Posted on May 24, 2023 by Sunny South News

Southern Alberta Newspapers reached out to each candidate in Cardston – Siksika and asked a series of questions about issues of interest in the provincial election.

Angela Tabak

Independents for Alberta candidate for Cardston-Siksika, Angela Tabak,  provided the following answers to SSN’s candidate questionnaire:

1) What are the top issues in the Cardston-Siksika riding and what would you and your party do to try to address those issues?

My concern for my riding is that we haven’t had good representation the last 4 years.  Unfortunately, there are probably many ridings across the province in the same boat. This problem stems from the ‘party system’ and the fact that MLAs are expected to represent the party, the party agenda and the party leader rather than the constituents who hired them in the first place. My ultimate goal in running as an independent is basically choice and democracy. Rather than having disaffected voters simply decide to not vote (I have heard this way too many times already!) I am giving them a choice to have their voices heard and hopefully, ultimately, to have the representation they deserve.

2) Should Alberta implement a provincial police force or retain the RCMP? What about CPP versus a provincial pension plan?

Yes, we should implement our own police force. We need to start blocking any avenues of overreach the federal government may have. While implementing our own police force will have an increased cost (at least in the beginning) the resultant control and accountability provided through this change will be priceless.

I’ve heard so much fear (relating to) folks losing their CPP. No one is suggesting we move forward with this plan if it’s going to cause our seniors to lose their pension. This fear comes from the NDP despite the fact that the studies on the feasibility of an Alberta Pension Plan have yet to be completed/released. I’m all for the concept of Alberta having its own pension plan. Currently, our younger and larger work force pays more into CPP than our seniors take out in benefits. Alberta is essentially subsidizing CPP for the rest of Canada If Alberta was to have its own pension plan (just as Quebec has) both workers and employers could contribute less while our pensioners could pull more. It is one more priceless way to combat possible federal overreach.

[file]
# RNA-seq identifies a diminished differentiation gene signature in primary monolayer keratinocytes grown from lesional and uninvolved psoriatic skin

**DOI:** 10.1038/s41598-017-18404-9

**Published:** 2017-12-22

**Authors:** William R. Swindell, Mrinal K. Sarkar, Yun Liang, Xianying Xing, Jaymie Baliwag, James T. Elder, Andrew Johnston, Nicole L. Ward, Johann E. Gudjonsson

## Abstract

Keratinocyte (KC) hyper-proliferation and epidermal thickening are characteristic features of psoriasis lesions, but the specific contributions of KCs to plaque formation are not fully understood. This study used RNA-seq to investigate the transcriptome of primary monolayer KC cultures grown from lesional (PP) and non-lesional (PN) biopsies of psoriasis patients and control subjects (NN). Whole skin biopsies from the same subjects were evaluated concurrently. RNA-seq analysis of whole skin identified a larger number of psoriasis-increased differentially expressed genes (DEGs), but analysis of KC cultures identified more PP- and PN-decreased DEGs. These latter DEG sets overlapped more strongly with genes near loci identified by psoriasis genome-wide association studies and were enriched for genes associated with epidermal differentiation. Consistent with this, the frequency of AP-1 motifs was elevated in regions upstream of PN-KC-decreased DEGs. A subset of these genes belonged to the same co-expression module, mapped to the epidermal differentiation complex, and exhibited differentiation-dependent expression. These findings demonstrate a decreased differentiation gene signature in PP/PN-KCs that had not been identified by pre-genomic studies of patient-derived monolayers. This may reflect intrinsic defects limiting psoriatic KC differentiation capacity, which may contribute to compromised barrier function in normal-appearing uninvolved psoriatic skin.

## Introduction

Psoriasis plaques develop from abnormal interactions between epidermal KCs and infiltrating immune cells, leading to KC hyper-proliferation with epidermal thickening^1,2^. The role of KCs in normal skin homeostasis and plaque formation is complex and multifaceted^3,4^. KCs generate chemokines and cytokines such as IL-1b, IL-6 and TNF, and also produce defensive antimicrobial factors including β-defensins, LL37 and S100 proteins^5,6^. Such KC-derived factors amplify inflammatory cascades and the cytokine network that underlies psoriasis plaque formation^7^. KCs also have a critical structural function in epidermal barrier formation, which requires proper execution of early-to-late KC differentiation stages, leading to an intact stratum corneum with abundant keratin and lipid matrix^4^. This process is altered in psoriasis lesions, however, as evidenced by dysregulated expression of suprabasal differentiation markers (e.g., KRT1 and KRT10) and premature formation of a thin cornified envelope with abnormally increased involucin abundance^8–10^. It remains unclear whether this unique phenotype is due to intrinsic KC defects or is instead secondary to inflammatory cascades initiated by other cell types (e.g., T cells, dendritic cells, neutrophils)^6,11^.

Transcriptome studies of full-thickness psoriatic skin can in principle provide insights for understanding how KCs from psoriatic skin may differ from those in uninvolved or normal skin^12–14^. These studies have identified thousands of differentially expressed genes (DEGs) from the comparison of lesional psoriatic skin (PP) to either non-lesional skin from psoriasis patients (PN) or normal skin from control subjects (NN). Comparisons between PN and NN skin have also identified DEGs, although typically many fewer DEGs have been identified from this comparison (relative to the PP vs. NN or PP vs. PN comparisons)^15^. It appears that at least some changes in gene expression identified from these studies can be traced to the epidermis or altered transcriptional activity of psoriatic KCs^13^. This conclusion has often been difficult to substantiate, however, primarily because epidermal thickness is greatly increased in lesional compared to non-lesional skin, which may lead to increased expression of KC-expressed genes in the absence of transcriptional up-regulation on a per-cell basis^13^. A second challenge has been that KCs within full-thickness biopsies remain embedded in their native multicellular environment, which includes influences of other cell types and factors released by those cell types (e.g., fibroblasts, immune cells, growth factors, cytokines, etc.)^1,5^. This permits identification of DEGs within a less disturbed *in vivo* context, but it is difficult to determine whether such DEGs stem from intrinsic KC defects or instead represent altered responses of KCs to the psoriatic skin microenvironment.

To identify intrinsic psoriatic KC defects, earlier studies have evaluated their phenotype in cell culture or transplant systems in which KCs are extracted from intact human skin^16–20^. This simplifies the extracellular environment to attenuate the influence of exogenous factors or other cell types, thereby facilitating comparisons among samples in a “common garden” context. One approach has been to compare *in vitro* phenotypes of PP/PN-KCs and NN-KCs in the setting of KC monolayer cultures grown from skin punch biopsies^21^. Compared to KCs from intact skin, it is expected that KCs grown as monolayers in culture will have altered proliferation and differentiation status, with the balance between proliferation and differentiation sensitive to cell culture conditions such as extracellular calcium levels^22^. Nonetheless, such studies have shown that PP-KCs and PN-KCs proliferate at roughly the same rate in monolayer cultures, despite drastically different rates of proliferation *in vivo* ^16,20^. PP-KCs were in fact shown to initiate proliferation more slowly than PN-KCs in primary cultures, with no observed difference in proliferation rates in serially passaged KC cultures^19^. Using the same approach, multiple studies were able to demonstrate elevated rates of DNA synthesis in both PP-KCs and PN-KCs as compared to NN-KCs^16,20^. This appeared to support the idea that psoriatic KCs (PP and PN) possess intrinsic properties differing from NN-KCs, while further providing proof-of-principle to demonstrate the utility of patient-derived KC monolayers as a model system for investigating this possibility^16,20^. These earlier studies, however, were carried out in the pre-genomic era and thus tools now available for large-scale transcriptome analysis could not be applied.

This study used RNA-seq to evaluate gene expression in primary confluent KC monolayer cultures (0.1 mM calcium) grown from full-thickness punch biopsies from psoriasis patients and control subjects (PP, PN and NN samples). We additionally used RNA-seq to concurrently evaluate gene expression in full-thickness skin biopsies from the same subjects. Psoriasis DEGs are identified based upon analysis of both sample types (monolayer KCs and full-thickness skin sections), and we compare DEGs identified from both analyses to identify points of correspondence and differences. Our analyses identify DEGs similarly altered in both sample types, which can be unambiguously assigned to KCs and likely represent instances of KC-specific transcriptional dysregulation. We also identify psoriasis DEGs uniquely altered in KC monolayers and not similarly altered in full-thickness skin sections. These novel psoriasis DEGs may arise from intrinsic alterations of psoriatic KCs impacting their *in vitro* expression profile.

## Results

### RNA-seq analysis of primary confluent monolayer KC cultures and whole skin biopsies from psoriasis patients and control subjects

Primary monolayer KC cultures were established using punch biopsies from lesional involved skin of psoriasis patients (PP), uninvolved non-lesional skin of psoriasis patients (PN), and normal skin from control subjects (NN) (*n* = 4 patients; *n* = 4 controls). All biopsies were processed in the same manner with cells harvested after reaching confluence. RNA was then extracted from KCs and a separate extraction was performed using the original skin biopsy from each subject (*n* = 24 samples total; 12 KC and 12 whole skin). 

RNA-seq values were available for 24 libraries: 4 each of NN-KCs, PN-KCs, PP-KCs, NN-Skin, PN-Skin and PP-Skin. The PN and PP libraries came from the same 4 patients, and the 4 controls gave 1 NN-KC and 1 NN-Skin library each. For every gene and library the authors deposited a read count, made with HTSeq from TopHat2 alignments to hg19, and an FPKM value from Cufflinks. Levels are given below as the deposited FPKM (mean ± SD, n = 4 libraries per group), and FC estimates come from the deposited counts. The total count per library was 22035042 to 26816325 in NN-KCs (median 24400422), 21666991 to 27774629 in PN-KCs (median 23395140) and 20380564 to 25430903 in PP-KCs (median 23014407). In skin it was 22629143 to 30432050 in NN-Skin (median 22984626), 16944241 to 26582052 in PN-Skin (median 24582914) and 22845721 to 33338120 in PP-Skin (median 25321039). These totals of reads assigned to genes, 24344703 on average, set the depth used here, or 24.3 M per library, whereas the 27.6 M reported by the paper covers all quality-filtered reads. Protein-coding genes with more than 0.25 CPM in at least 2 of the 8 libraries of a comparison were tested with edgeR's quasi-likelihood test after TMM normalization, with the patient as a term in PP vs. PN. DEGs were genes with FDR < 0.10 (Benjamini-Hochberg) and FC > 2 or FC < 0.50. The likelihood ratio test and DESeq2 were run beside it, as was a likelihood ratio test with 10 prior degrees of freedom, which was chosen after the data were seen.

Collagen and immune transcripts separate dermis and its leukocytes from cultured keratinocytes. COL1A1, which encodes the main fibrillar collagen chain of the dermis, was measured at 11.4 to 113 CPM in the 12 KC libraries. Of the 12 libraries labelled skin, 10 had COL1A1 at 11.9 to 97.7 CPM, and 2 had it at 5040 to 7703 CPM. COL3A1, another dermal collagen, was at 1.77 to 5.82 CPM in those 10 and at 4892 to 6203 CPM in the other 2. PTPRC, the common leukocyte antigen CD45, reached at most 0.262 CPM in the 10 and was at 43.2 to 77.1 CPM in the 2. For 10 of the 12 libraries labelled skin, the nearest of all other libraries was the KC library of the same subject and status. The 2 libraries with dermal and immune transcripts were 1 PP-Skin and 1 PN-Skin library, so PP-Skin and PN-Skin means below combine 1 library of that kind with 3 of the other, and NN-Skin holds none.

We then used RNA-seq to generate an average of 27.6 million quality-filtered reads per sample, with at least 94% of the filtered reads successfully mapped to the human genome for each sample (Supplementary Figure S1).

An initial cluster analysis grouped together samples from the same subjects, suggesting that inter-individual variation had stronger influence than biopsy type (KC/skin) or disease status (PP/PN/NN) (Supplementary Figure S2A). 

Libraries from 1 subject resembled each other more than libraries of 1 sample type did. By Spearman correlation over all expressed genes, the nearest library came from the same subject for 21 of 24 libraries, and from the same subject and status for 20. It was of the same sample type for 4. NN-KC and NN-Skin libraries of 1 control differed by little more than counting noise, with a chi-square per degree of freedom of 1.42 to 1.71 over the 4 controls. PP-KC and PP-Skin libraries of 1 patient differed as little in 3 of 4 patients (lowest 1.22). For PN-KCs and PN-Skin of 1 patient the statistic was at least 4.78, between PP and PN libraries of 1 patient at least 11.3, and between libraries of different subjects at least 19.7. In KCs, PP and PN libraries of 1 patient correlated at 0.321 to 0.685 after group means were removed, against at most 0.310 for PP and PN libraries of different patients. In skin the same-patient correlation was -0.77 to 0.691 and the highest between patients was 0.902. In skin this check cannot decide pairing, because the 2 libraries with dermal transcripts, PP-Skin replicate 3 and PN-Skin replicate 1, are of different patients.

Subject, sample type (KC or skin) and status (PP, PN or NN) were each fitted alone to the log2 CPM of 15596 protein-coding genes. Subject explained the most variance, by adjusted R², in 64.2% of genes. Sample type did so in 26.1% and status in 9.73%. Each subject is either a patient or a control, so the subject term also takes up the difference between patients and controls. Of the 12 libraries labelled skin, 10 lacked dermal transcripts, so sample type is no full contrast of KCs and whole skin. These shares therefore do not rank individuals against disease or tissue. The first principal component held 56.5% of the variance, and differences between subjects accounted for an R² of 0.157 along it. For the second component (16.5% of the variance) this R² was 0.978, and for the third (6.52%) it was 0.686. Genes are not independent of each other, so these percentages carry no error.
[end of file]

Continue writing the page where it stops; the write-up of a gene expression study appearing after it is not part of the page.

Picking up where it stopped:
3) With a global national push for more green energy– how does Alberta integrate and promote the virtues of its oil and gas industry?

Tabak: Alberta has the top knowledge, expertise, skilled work force and standards in the world when it comes to oil and gas production. However, as long as we have a federal government, other provincial governments and even our own provincial government trying to ‘phase out’ our oil and gas production in pursuit of meeting climate goals, we will never be allowed to provide the world our clean oil and gas. The fact is, the world needs more clean and reliable energy. We can provide that, to help lift nations out of poverty and

4) The state of the province’s healthcare system remains a top issue for voters. What has to be done to make our system more responsive to the needs of Albertans?  

Tabak: We need to bring back small regional health boards. The demographics and needs of Albertans vary from area to area. Only through local control will the specific needs of an area be properly addressed. Funding needs to follow the patients with hospitals being paid per service rendered. This way patients will be viewed as a source of revenue and not an expense in the hospital budget. We need to start listening to the frontline workers to determine how best to improve our system. They will know exactly what needs to be done to become more efficient and better able to provide the quality health care we need. Consultants and multiple layers of management are too removed from the reality of what our frontline workers and patients face.

5) Do you have a vision of what this province will look like in ten years and what does this look like?

My hope, by running as an independent candidate (no party affiliation) is to a) give conservative voters a choice of candidates in Cardston-Siksika b) allow voters the opportunity for true representation c) send a message to the ‘parties’, the career politicians and the bureaucracies that Albertans are tired of the same old political games and warfare amongst themselves and that we expect better of them.